Turnout mod blues... Considering the half friendly routegreenspun.com : LUSENET : Wiring for DCC : One Thread
I have modified several Walhers Code 83 and older Shinohara code 70 turnouts following you recipe and beside being concerned about turnout switch motor control (posted in turnout section) the whole operation is getting quite tedious and I am considering going for the half friendly option.
My layout is medium size and will never have more than two operators so shorts taking out the whole operation will not result in getting me kicked out of a club.
(This is where you all insert all kinds of encouragement. The local hobby shops have never heard of these mods and can't figure out why I would do such a thing to a perfectly good $18 turnout!)
So to my question, in your half friendly design the frog is simply cut out and power routed with microswitches on the turnout motor. I know I still run the risk of some realy nice sparks as a derailed truck drags through the turnout.
Since part of the reliability concerns addressed in the full mods is power feeds to the point and closure rails, why cut the frog on the closure rail side? Why not cut the frog only on the diverging side and power the whole frog, closure rails and points with externally switched power? That way one gets the advantage of both the point contact and the point hinge contacts and this will increase the odds getting good power to the points. It does not appear to me this method makes the potential short any worse unless I am missing something. When it happens it will be a good one!
-- Bill Geiger (firstname.lastname@example.org), April 30, 2003
No doubt about it, "if you won't get thrown out of a club" is a factor in considering what you do to a turnout.
May I suggest that instead of lamenting over the effort of making a turnout DCC friendly, why not use a DCC friendly one in the first place? It takes time to convert those turnouts! I agree! That's why I use DCC friendly ones that I can buy without modification. I only use those that require modification when there is a coniguration I need that isn't available DCC friendly.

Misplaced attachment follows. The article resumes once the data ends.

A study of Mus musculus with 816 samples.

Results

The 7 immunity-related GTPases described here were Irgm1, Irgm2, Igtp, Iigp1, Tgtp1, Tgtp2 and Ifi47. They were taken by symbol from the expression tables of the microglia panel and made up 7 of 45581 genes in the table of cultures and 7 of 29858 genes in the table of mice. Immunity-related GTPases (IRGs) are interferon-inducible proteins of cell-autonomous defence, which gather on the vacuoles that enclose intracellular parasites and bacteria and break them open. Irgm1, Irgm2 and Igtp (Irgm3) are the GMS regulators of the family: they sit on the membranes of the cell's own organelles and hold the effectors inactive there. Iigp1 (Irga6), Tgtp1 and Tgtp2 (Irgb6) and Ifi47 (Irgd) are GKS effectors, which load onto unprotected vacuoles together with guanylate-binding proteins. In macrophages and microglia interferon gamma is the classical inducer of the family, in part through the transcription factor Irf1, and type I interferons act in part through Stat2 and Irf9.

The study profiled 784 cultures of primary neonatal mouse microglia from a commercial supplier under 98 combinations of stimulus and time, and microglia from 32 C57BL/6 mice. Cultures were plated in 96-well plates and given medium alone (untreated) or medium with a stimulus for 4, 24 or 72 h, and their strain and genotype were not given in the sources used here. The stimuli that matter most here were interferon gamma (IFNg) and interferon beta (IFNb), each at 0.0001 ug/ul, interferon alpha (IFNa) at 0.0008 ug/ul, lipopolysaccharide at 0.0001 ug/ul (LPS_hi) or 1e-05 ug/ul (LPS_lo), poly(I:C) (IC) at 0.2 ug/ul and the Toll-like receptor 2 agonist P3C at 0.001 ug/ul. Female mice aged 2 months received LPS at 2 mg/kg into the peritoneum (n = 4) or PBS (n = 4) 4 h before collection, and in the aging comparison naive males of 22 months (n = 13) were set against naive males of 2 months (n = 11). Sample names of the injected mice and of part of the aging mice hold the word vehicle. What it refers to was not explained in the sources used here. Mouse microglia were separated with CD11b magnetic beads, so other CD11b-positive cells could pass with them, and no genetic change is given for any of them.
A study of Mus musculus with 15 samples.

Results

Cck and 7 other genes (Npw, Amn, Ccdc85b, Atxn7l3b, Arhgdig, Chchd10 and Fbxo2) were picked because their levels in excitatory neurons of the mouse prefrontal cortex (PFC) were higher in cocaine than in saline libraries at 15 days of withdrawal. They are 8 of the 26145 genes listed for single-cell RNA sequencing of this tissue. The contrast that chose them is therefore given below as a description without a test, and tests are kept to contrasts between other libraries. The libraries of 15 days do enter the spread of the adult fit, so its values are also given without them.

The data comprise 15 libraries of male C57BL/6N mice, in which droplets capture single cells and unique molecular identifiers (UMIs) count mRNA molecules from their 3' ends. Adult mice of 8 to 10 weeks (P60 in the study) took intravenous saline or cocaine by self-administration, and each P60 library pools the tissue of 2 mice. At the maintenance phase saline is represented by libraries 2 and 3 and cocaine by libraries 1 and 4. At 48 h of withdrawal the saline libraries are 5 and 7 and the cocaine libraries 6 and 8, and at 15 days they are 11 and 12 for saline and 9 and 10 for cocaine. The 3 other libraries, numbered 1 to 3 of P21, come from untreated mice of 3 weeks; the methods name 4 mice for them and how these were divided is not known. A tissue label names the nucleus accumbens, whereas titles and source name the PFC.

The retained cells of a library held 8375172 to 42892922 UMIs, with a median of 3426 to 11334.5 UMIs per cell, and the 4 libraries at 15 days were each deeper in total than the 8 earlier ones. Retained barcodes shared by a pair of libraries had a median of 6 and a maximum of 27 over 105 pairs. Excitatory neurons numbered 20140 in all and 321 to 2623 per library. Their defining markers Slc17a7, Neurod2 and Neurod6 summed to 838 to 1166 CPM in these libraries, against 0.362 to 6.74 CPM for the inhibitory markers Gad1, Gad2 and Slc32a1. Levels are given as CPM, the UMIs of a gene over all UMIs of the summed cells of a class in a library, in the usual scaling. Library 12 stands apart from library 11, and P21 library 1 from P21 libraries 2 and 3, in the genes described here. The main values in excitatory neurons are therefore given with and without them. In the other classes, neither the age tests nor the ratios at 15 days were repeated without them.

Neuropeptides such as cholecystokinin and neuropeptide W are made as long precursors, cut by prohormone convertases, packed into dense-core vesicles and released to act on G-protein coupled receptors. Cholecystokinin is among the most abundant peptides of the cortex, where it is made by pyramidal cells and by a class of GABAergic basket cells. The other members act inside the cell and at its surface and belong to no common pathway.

A number of manufacturers are waking up to DCC friendliness. Many can be made DCC friendly just by snipping a few jumpers on the back side.
Assuming you have a reason to use a non-DCC friendly turnout, here is the answer to your last question. Yes, I think you are missing something. As you noted, when you see the sparks, you won't be missing something anymore! :) The problem (assuming I am reading your question correctly) is that you end up with a situation where the stock rail has a different polarity than the adjacent open point.
If you decide not to use a DCC friendly turnout, for whatever reason, don't worry about making the cuts on the frog rails. Doing so, won't buy you much. Instead, you could put insulated joiners at the end of the frog rails. For all practical purposes, that is just as good.
Whether you are in a big club or a just a couple of modelers, and especially if you opt not to go DCC friendly, I do highly recommend that you do something to isolate your turnouts. You could put electronic circuit breakers (the most expensive choice), you could put a switch in series with the feed to the turnout (the second most expesnive choice), my choice of the seemingly unloved 1156 bulb (getting pretty cheap now), or simply attach the turnout through a terminal strip (so cheap it's almost free). Maybe I'm just paranoid, but little matches the frustration of a short that you can't isolate. Following the frustration, you may eventually have to resort to cutting your main bus into little pieces. That's a real bummer! Does this happen every day? Thankfully not. But do this once, and you will wish you had at least done the terminal strip thing.
-- Allan Gartner (bigboy@WiringForDCC.com), May 06, 2003.